As the demands on high school athletes to play year-round increases, so does the need for parents and coaches to be aware of the signs of burnout. Performance Psychologist Jim Loehr said although there is no clinical diagnosis for burnout, those most likely to exhibit symptoms are easy to recognize.
"Those who are most prone to it are the dream kids for coaches because they always try to please,'' Loehr said. "They rarely complain, never say no and they assume that coaches know what's best for them.''
While playing sports year-round can have benefits, such as helping an athlete earn a college scholarship and facing better competition, some athletes can wear down under the seemingly constant grind.
Loehr said burnout results from "coaching styles and parental styles.''
"Sometimes messages get sent by parents and coaches that everybody is practicing, except for you, and if you take that time off, you'll never catch up,'' Loehr said.
Said Dr. Stephen A. Russo, director of sports psychology at Nova Southeastern: "Maybe it's the parents' job to step in and not let their child burn out. Parents sometimes lose perspective. They need to tell the child to take a day off."
But what if the kid is enjoying himself and wants to play?
Orlando Christian Prep basketball player Dmitri Thompson gave up football to concentrate on basketball year-round as a rising sophomore. He acknowledged being worn out in stretches where he alternated high school and AAU practices or games for five or six days in a row. He thinks the highly competitive quest for the attention of college recruiters requires that commitment.
"It does get tiring, but the harder you work the better you get I believe," Thompson said. "I wouldn't change anything.''
He doesn't see mandatory breaks or more time off as necessary. The thing he would change about the current system is to spread the intense pressure of basketball's key recruiting month, July, to the high school season.
"The college coaches should also be able to come us see play with our high school," he said.
Still, some athletes wear down under a 24/7 schedule to train and compete. They often have little or no rest between the high school season, club teams and the AAU competition schedule.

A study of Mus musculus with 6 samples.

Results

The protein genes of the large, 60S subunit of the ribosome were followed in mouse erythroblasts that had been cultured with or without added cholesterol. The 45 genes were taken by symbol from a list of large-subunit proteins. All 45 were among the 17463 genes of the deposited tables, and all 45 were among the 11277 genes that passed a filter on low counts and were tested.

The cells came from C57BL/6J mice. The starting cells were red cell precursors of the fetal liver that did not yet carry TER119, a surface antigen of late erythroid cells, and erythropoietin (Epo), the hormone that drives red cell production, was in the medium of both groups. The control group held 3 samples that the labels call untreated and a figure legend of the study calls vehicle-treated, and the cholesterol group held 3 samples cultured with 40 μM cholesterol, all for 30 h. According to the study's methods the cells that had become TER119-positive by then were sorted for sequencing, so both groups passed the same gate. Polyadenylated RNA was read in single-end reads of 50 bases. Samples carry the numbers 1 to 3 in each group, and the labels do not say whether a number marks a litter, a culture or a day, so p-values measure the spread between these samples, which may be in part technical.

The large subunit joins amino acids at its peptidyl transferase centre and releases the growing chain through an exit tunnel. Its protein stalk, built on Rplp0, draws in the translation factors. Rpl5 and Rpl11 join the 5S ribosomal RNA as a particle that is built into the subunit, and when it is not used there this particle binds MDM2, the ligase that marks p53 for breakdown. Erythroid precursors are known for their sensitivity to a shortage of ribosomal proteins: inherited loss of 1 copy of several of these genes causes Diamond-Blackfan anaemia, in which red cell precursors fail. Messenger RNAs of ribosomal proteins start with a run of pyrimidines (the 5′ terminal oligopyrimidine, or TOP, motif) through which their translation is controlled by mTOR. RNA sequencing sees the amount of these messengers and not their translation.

So if mental rest is accomplished through time off, what about the physical limitations that can lead to burnout? Warning signs are numerous.
Overuse of the body by constant training and participation can lead to injury.
"The more competitive the athletes are becoming, the more injuries we are seeing at the severity level," said Aaron Santiso, director of sports medicine at Peak Performance in Fort Lauderdale. "If there is not a time to stop and rest, there is a fatigue element at risk. When athletes are tired physically, it can create a mental burnout."
The Educated Sports Parent and The American Academy of Pediatrics have studies showing the importance for adolescent athletes to take time away from the sports they have invested in. Each group suggested signs of burnout or overtraining syndrome include personality changes, chronic muscle pain, lack of enthusiasm and difficulty completing ordinary activities. They also suggest taking a break between training seasons to avoid injuries and burnout.
"The recovery mechanisms of the body start to fail,'' Loehr said. "The sleep cycle is not as rich and robust as it usually is. You don't feel rested when you wake up, dread having to get out of bed and are hungry all the time.''
ESPN commentator Mark Jones, whose 17-year-old son Shea is a member of Team Florida, said parents have to guard against burnout: "It is a grueling season and you have to manage it well," Jones said. "You have to make sure that your kid gets breaks because you can get overuse injuries if you don't."